There are no products in your shopping cart.
If you have questions or need to talk, call our helpline for information or support.
Have a question? Receive a confidential response from a medical professional.
Come to a support event to meet other people who have had a cervical cancer diagnosis.
Connect with others, share experiences and ask questions on our forum.
Individual support via phone or email, for anyone affected by a cervical cancer diagnosis.
Read about ways to cope with any effects of treatment and getting practical support.
Also in this section:
Cervical cancer forms in the cells that line the cervix. The cervix is the lower, narrow part of the uterus (womb) which joins to the top end of the vagina. Cervical cancer may not have symptoms in its early stages, but it can be prevented through regular cervical screening (smear test) (a procedure in which a sample of cells are taken from the cervix and examined for abnormalities under a microscope or tested for high-risk human papillomavirus (HPV), depending on where in the UK you live).
99.7% of cervical cancers are caused by persistent high-risk HPV infections, which cause changes to the cervical cells. HPV is an extremely common virus; around four out of five people (80%) will contract one type of the virus at some point during their lifetime. HPV is spread by skin-to-skin contact of the genital area, which means that anyone who has ever been sexually active could be infected. The body’s immune system will usually clear up HPV infections and generally most people don’t even know they have contracted the virus.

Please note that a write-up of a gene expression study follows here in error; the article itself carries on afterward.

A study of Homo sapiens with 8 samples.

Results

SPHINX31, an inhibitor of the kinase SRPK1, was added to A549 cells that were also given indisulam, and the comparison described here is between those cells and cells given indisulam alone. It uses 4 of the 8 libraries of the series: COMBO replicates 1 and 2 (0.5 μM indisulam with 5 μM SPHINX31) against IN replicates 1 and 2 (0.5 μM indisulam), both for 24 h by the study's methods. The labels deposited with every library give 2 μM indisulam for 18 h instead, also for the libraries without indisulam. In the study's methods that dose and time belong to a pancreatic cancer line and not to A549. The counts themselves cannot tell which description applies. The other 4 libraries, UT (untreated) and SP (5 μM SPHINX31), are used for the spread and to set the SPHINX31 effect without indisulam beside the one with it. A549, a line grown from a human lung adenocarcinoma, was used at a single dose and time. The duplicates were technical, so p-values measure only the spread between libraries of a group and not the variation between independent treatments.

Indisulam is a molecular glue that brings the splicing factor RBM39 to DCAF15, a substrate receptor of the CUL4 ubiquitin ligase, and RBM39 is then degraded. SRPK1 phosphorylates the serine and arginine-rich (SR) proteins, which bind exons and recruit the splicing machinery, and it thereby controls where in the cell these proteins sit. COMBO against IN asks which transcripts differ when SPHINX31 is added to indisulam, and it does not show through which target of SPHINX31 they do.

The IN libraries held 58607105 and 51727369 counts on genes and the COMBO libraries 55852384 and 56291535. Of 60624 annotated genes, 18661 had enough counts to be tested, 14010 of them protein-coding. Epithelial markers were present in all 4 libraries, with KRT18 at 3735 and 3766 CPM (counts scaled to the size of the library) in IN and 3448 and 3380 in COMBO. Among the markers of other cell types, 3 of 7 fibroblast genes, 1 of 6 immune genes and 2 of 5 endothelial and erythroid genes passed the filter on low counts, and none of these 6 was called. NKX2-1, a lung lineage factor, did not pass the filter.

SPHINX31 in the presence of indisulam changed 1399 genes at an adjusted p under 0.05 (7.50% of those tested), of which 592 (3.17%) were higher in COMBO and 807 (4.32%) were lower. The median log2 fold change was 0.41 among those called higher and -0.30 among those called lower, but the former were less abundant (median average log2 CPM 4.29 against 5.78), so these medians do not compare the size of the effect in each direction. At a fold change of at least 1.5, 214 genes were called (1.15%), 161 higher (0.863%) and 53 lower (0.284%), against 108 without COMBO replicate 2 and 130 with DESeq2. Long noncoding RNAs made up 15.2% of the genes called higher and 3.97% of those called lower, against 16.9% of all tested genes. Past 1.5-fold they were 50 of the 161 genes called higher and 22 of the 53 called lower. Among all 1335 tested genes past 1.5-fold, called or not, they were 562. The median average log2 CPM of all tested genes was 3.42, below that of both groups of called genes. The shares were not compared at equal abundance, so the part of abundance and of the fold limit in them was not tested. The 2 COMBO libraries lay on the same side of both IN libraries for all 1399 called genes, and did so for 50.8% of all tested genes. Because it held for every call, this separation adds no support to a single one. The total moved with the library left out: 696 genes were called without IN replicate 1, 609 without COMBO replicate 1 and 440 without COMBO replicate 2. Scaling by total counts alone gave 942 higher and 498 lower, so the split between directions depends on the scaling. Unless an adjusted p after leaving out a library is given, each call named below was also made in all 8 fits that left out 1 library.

Cervical abnormalities are caused by persistent infections with high-risk HPV. These abnormal cells, found through cervical screening (smear test), are not cancerous, but given time (often years) they may go on to develop into cancer. However, often the cells return to normal by themselves. Information from the UK NHS National Screening Programmes 2014–2015 showed that around 220,000 women a year (6–9% of women who attend cervical screening) will receive an abnormal result from their cervical screening .
The most effective method of preventing cervical cancer is through regular cervical screening, which allows detection of any early changes to the cells of the cervix. These changes are fully treatable, but if undetected and untreated they can lead to cervical cancer in a some women. For younger women the HPV vaccination can help prevent seven out of ten cases of cervical cancer (70%). This means that cervical cancer is largely preventable. If a woman does develop cervical cancer, survival and cure rates are high if the cancer is picked up early.